Importance of Community Block; Students Voice Opinions


Charlie Spungin

Junior Izzy Molnar gives her candidacy speech for Vice President of the Upper Schools Red Cross Club.

A staple of this school year has been the addition of a biweekly community block after lunch. This new period has led to a clash of opinions between certain students and the administration. 

On block days in the past, students would attend their first block, followed by a break, and then head to the second block and then a 30-minute lunch. After lunch, students would go to the third block and 30 minute activity period where students would attend a club the presidents chose that day. If students did not have a club, they would do homework, go to meet with teachers for extra help, or hang out with friends. After this activity period, they would then head to their split fourth period that was shared between two days. 

Nowadays, on normal block days with normal start, students have their first block followed by assembly or advisory, they then head to the second block with a 30 minute lunch and a 40 minute “community block” right after. 

These community blocks are designated periods of the day for clubs to meet, getting extra help from teachers, and a short study  hall. In the past clubs would meet at least once a month when scheduled. For example, the Red Cross Club would meet every last Tuesday of the month.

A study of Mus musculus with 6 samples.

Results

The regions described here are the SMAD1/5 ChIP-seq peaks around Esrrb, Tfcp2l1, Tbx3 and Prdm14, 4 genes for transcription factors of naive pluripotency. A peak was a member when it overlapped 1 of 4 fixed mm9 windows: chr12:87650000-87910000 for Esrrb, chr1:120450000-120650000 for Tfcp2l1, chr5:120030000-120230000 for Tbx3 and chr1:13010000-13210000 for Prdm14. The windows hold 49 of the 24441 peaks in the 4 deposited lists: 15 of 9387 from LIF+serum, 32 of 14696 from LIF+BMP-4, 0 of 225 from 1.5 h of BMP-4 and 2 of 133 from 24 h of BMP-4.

These community blocks have caused controversy between students as in previous years, students were able to leave at 2:25 compared to now in which students leave everyday at 2:58 for the exception of Fridays at 2:12. 

Student President Sydney Steinger says, “I enjoy the community blocks. I think the students definitely have to adjust to the addition to the schedule and make sure that none of their clubs are overlapping with one another. I think it makes clubs more organized and gives them a designated time that way they aren’t having to meet during lunch or overlapping with the school schedule.”

With these community block periods, the student council has decided to host activities outside in between buildings four and five on the rear side. 

“On community block days that students don’t have clubs, the student council has been able to set up games outside like cornhole, wiffleball, and spike ball near the math building. A lot of the underclassmen I see are participating in those activities and I think it’s a good way to keep the students busy if they aren’t in club meetings,” Sydney said.